Paul Lambert's credentials make him a great choice for Stoke City

Andy Dillon by Andy Dillon / 16 January 2018, 10:14

PAUL LAMBERT’S most recent job ended abruptly after a ‘football review’ at Wolves.

So with him back in work as the immediately unpopular new manager at failing Stoke City, let’s do just that and review his football - and the credentials which make him a great choice for a club in need of a steady hand.

Lambert suffers from ‘Big Sam’ disease. It’s an affliction which guarantees a chorus of groans from the fans whenever you rock up at their club.

Sam Allardyce and Lambert share a reputation for taking a sledgehammer to entertainment values in an age when everyone wants their team to be Manchester City on ice and their manager to sparkle like Bruno Tonioli.

West Ham supporters have just learned a valuable lesson on this subject.

Within hours of David Moyes’ appointment they had constructed a song about the new manager taking them down, down, down.

Instead it’s been upwards and onwards to the fringes of the top half of the Premier League and four goals away from home last Saturday.

We’d all love Lambert to ring a little bell or tell a side-splitting gag at the start of every press conference but now is not the time for that at Stoke City who sit 18th in the table and staring at relegation.

It was similar scenario when Lambert arrived at Norwich from Colchester in 2009 with the club 23rd out of the 24 teams in League One. Southampton were only bottom because of a points deduction. Goofing around just wouldn’t have looked right would it?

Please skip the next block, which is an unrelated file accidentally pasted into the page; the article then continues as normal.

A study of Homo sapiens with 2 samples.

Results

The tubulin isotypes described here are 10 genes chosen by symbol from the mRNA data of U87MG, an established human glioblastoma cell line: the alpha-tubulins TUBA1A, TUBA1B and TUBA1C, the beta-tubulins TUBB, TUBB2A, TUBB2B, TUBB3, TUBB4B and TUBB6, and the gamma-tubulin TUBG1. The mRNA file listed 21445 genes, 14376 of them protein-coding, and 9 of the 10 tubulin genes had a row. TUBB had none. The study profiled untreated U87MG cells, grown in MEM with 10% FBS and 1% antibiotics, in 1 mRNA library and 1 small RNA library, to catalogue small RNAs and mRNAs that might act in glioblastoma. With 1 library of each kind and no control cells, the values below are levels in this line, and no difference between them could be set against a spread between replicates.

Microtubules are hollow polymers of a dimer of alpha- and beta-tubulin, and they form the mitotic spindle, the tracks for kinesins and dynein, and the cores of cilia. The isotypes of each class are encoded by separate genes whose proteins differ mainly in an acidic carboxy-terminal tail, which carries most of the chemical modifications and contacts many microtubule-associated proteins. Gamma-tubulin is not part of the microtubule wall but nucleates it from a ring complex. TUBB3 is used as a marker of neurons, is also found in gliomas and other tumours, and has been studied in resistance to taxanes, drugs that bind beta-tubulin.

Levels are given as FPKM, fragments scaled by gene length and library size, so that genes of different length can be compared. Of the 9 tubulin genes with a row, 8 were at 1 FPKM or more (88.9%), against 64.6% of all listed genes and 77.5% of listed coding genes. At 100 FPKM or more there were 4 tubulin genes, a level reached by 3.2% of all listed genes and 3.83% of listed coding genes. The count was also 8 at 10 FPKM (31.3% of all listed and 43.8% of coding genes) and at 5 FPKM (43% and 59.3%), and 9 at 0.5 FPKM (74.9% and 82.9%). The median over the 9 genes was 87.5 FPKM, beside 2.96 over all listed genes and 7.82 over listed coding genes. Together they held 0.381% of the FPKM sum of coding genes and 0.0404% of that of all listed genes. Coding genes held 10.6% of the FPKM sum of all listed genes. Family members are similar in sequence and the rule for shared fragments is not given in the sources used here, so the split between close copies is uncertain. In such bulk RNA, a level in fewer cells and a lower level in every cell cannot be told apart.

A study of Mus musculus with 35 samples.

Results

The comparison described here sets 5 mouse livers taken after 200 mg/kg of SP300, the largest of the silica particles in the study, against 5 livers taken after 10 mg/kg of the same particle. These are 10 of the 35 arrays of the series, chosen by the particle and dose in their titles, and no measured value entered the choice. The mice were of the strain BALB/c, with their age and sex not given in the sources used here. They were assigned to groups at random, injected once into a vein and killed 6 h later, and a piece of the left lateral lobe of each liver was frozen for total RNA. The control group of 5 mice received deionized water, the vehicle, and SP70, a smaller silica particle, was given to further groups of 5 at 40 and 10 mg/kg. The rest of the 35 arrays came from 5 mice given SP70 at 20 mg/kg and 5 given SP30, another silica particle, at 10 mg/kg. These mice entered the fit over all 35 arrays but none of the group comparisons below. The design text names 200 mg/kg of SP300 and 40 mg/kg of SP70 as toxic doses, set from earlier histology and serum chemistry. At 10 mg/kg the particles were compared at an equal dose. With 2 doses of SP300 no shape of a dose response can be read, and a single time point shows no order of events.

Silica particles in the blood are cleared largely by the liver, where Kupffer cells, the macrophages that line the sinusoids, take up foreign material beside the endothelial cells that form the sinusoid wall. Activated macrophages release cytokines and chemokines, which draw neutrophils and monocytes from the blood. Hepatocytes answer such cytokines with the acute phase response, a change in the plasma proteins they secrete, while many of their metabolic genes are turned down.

Ten months later Norwich were promoted. A year later Lambert did it again - on a relatively low budget. He signed Grant Holt who scored 30 goals the first year, 28 the second and at one point was on the fringes of an England call up.

In the Championship the motto was ‘you score two and we’ll score three’.

Norwich fans still remember the moment Holt performed a Cruyff turn at Everton and scored. There’s a rumour Norwich made a DVD of it. He plundered 17 goals that season.

Lambert is considered by the Norwich fans as the best manager in the club’s history and he produced good football.

In 2012 at one point they were 12th in the Premier League - 55 places better off than when Lambert took over with the club on its knees.

At Aston Villa, Lambert’s brief was to keep the club in the top flight with a message from then owner Randy Lerner that ‘this will be the most difficult job of your career’.

He signed Christian Benteke and got the best out of Fabian Delph. He was sacked in February 2015 with Villa 18th - the first time he had ever been in the bottom three of the Premier League.

Blackburn was in a mess when Lambert walked in. A one-time midfielder and European Cup winner with Bayern Munich so he should know his stuff.

And he was wise enough to insert a clause in his contract allowing him to leave if the club did not come good on the early promises of money to turn things around. He did just that when all the fans wanted him to stay. Blackburn went from bad to worse after he left.

At Wolves he inherited a team 19th in the Championship. His high point was taking the team to Anfield and winning in the FA Cup - outsmarting Jurgen Klopp.

Wolves were four places higher in the division when Lambert left following the fatal ‘football review’. But before he left he signed John Ruddy and Ryan Bennett - two players doing great things. Ruddy has just kept his 15th clean sheet.

There’s been drama, thrilling football, organised teams and now a proven track record of getting teams out of trouble.

Maybe those hard-to-please Stoke fans were holding out for Pep Guardiola or they have just swallowed all the old baloney that follows Lambert, Allardyce and Moyes around.